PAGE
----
National Weather Forecast

On Thursday, scattered areas of showers and storms are expected from the Northern Plains and Upper Midwest to the Southern Plains and Deep South. A few snow showers will be possible in the Rockies as well. Otherwise, quiet weather is expected from New England into the Mid-Atlantic, and in the western United States east of the Rockies.

Severe storms are expected in the central United States, especially across portions of Kansas and Oklahoma (including Wichita and Oklahoma City) where an Enhanced Risk of severe weather is in place. Tornadoes (some strong), large to very large hail, and damaging winds are expected.

3”+ of rain will be possible through the end of the work week across portions of the Plains south to the Houston metro. A foot or more of snow will be possible in the Colorado Rockies.

For Mother’s Day Sunday, we’ll be watching showers and storms west to east from the Four Corners to the Mid-Atlantic, and north to south from the Great Lakes to the Southern Plains. Storms will also be possible in southern Florida. Record heat is expected in the Pacific Northwest and near Atlanta.

As we head toward Mother’s Day weekend, excessive heat is expected across the western United States. Numerous record highs will be possible in the Pacific Northwest, especially on Sunday. In Portland, the earliest 95F+ high on record was on May 17, 2008 – so we could see the new earliest this weekend.


Florida and Louisiana are borrowing hundreds of millions of dollars to cope with hurricane insurance claims

More from Quartz: “In an emergency financial maneuver, the state-chartered insurance associations of Florida and Louisiana have been forced to borrow a combined $1.3 billion to cover insurance claims caused by worsening hurricanes. The nonprofit insurance associations were already a backstop measure, stepping in after 2022’s Hurricane Ian drove insurance companies in the Gulf Coast into failure, causing the cancellation of tens of thousands of homeowners’ policies and leaving millions in unpaid claims. But those unpaid claims were so high that the associations have had to turn to emergency borrowing of hundreds of millions of dollars at significant interest rates. “We’re currently in the midst of an insurance crisis,” Jim Donelon, Louisiana’s insurance commissioner, said in a news briefing. The crisis is “largely…a result of hurricane activity in our state the last couple of years.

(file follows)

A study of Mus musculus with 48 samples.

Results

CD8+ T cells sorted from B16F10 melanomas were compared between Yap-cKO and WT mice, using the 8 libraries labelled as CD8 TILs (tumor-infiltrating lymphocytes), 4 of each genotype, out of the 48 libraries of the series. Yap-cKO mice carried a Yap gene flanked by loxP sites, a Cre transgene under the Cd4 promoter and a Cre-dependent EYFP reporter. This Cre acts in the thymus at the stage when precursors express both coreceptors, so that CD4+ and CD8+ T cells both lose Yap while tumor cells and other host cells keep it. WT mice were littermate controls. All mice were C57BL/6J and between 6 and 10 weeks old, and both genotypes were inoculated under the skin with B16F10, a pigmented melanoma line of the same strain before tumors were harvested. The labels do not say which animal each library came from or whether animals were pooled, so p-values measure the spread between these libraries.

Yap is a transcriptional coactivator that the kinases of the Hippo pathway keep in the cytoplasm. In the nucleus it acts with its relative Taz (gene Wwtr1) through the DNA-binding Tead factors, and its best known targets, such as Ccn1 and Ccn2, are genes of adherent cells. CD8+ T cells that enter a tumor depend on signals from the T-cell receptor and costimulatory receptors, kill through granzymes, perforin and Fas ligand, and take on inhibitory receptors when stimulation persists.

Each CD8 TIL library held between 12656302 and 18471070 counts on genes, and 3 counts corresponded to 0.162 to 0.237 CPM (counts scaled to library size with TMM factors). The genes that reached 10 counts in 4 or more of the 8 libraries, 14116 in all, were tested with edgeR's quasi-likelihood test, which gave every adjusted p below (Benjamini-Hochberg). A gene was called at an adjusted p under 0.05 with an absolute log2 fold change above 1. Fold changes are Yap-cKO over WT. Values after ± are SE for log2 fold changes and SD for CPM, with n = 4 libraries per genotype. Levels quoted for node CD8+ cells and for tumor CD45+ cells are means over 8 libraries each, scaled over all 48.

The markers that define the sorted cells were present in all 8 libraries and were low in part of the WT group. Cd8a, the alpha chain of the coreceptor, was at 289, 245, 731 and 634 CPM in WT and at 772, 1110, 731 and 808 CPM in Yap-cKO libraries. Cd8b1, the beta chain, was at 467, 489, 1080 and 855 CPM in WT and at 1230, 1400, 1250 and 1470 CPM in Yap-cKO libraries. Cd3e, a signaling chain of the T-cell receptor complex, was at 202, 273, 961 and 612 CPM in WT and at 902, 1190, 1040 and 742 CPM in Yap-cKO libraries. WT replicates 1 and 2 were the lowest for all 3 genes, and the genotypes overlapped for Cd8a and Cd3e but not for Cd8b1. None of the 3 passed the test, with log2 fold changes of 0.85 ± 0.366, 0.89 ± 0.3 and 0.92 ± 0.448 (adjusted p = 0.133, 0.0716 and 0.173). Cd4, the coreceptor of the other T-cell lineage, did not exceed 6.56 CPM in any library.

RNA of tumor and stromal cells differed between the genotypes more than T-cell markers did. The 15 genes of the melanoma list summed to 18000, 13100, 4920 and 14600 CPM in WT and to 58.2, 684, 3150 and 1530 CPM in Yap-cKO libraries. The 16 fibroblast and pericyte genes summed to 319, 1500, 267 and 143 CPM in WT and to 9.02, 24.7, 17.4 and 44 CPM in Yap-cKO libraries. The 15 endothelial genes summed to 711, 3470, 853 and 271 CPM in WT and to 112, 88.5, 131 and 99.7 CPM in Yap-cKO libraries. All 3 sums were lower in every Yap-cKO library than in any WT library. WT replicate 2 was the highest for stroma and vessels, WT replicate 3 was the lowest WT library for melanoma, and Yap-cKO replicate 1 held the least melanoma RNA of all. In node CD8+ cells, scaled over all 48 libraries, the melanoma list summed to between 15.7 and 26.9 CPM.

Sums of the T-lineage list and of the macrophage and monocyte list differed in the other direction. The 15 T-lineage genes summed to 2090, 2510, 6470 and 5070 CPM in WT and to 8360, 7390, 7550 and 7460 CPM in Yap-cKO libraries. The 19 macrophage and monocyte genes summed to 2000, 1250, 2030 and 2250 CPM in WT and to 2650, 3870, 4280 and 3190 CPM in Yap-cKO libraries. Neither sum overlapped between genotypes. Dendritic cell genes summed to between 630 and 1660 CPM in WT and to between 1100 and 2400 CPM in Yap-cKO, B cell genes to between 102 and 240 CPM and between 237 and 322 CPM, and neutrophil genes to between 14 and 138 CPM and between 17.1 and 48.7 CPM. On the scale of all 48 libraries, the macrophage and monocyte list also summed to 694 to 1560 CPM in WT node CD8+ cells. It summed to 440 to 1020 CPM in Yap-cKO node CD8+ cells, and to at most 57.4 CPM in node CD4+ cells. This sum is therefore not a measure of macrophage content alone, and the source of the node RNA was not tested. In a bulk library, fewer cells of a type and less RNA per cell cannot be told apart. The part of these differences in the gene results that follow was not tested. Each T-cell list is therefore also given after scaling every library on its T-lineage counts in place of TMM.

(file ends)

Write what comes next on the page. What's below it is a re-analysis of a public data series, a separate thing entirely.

The Deadly Mystery of Indoor Heat

More from HeatMap: “If the last few weeks are any indication, this summer is going to be a scorcher. In Spain and Portugal, April temperatures reached record highs. A heat wave swept through Asia, killing dozens on the Indian subcontinent; temperatures in the region hovered around 110 degrees Fahrenheit for days. The United States saw records break throughout the Northeast and Midwest, with temperatures into the 90s. And that’s just how hot it was outside. Inside is a completely different story — one we know far less about. Heat is the deadliest extreme weather phenomenon in the United States, and when the outside world is boiling, the advice is often pretty simple: get inside. But the majority of heat-related deaths happen indoors, and, unlike the satellites and weather stations that can measure outdoor temperature, we have very little data on just how hot our homes are getting.

Early Wildfires, Heat Waves Show Grim Signs of Global Climate Crisis

More from The Energy Mix: “An early, aggressive wildfire season in Alberta, alarming, summer-like temperatures in parts of the Mediterranean, scorching, road-melting heat to South Asia, and torrential rain causing deadly floods in Congo-Kinshasa, are all signs this spring of anthropogenic climate change and a “grim augur of things to come.” Relatively cooler weather is helping the more than 1,000 firefighters battling blazes across the northern and east-central parts of Alberta, but the province remains in a state of emergency and has asked the federal government for military assistance. Nearly 30,000 people have been displaced from their homes, and several precious structures have been lost to the flames, with small Indigenous communities reporting significant losses, reports CBC News. As of Tuesday morning, 89 wildfires were burning across the province, 24 of them deemed out of control. The Globe and Mail says that nearly 400,000 hectares have been burned so far this year, compared to 417 hectares this time last year.